Tuesday, October 12, 2010

A Touch of Laughter

The average child laughs up to 25 times as much as the average adult, who, indeed, is as likely as not to scold giggling youngsters for "being silly." The capacity for hilarity is something most people grow out of once they learn life is full of hard work and disappointment.

It's a shame in more ways than one. Medical research tells us that hearty laughter strengthens the immune system, improves cardiovascular circulation, relaxes tense muscles, and provides many other physical benefits. So if you mix a little humor into your business writing, not only will your contacts like you better for it, but you'll be doing their health a favor.

Beware, however. Being funny is a hard thing to do on command, and not everyone finds the same things laughable. Obscure or offensive humor can be worse than none at all. So when considering how to add chuckles to your writing:

Remember that off-color stories have no place in the business world.

Never make fun of any individual or group. Everyone knows that racial and cultural bigotry are verboten, but prudent writers also avoid jokes that emphasize the presumed failings of mothers-in-law, wives, lawyers, politicians, preachers, and majority groups--or that ostensibly advocate any sort of animal abuse. The idea that choosing a certain vocation or having a married relative automatically makes one impossible or evil is an idea long overdue for a quiet death; and while you have a right to avoid cats if you personally find them repugnant, the ailurophiles among us have a right to be spared the equally repugnant images evoked by "other white meat" remarks.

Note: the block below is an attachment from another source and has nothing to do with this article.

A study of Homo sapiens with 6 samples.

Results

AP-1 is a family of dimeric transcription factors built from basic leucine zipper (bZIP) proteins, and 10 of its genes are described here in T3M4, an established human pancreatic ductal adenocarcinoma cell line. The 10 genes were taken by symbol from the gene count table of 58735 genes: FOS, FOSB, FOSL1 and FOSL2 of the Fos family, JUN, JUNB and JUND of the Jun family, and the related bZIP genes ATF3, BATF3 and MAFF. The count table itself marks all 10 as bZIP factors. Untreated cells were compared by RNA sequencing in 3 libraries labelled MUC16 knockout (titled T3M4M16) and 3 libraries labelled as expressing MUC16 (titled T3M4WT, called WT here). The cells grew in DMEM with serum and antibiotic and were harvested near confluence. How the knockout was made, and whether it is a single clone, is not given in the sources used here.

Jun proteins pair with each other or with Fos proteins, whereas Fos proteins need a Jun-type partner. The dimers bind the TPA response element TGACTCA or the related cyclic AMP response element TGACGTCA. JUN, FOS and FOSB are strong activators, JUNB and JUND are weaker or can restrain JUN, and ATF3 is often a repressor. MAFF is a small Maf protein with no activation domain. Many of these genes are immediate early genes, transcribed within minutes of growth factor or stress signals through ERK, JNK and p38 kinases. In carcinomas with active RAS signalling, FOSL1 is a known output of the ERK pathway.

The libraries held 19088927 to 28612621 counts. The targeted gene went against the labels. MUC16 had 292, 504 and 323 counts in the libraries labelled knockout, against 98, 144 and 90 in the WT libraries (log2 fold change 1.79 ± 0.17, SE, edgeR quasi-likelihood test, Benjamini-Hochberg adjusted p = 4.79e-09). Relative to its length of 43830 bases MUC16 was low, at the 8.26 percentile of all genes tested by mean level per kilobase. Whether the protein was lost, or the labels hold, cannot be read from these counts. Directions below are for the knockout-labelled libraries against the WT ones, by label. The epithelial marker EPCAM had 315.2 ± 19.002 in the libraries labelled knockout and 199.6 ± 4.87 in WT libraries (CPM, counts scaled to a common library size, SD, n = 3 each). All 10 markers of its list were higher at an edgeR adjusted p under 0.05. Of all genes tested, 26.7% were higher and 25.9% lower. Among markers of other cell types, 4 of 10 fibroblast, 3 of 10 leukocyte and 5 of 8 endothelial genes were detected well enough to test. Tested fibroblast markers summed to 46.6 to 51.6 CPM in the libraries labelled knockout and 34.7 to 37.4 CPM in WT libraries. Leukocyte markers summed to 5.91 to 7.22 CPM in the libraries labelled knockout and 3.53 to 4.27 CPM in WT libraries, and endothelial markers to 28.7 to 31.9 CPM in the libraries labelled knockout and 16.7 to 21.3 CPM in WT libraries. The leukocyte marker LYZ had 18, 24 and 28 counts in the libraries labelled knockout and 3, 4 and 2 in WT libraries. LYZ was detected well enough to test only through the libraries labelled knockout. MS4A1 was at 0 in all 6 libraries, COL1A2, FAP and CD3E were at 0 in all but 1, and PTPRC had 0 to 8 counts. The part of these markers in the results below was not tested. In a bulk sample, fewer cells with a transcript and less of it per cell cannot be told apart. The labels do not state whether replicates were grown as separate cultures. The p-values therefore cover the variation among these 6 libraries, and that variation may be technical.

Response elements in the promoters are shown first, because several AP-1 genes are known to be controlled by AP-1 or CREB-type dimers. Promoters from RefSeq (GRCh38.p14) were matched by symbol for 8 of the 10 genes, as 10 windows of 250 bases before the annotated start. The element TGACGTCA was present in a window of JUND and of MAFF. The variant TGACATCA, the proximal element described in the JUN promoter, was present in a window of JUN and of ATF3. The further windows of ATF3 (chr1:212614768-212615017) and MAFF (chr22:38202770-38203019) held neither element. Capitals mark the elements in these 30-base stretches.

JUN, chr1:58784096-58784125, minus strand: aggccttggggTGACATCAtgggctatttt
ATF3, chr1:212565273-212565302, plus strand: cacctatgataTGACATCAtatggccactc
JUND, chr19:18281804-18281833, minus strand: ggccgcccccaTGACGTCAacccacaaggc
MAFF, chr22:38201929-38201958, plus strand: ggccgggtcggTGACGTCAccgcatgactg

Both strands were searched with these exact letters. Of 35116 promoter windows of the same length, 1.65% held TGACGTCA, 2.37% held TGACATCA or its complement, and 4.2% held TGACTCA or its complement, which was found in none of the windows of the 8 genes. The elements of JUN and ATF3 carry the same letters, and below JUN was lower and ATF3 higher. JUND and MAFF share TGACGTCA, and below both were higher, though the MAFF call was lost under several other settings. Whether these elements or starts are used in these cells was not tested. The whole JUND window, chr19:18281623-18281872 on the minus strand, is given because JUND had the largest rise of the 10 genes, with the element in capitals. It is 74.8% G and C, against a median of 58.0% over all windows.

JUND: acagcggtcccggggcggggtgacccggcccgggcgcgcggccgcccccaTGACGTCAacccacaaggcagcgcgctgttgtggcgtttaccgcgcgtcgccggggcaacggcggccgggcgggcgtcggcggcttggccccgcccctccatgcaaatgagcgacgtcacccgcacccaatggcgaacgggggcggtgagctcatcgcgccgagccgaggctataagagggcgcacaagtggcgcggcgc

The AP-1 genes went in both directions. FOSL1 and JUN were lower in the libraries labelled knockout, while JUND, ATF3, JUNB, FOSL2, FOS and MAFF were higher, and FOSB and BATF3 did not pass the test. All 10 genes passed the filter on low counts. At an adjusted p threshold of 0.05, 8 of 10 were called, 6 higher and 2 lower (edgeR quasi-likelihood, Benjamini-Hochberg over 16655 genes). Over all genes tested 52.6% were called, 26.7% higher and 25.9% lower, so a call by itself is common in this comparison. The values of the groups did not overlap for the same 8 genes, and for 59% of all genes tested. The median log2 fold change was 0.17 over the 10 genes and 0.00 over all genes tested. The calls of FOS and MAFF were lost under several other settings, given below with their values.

Never overdo or force humor. Two light remarks per page, or one side-splitter or "groaner" per article, is about right. Since business materials are rarely written purely to entertain, a pun in every paragraph can make readers wonder if you take your main goal seriously. Remember also that a good joke sounds like a natural part of the conversation, not like something plucked at random from the Internet or from a homonym brainstorming exercise.

By now, you may be wondering, "With all these 'don'ts,' what's left?" Probably more than you think. Everyone has some gift for some form of humor, be it puns, exaggeration, deadpan, relevant anecdotes, or simple subtlety. To find where your talent for humor lies, start by noticing when what you say makes your friends or family chuckle.

And remember this almost foolproof principle: A guaranteed laugh-getter is making fun of oneself. While criticizing others makes a person look snide and petty, everybody laughs along with--and respects--someone who admits his own weaknesses. Likewise, the exception to the "don't make fun of groups" rule is the universal foibles of humanity in general ("No one is sure how long the human race has been around, but everyone agrees it is old enough to know better"). 

May the new business your humor attracts leave you laughing all the way to the bank!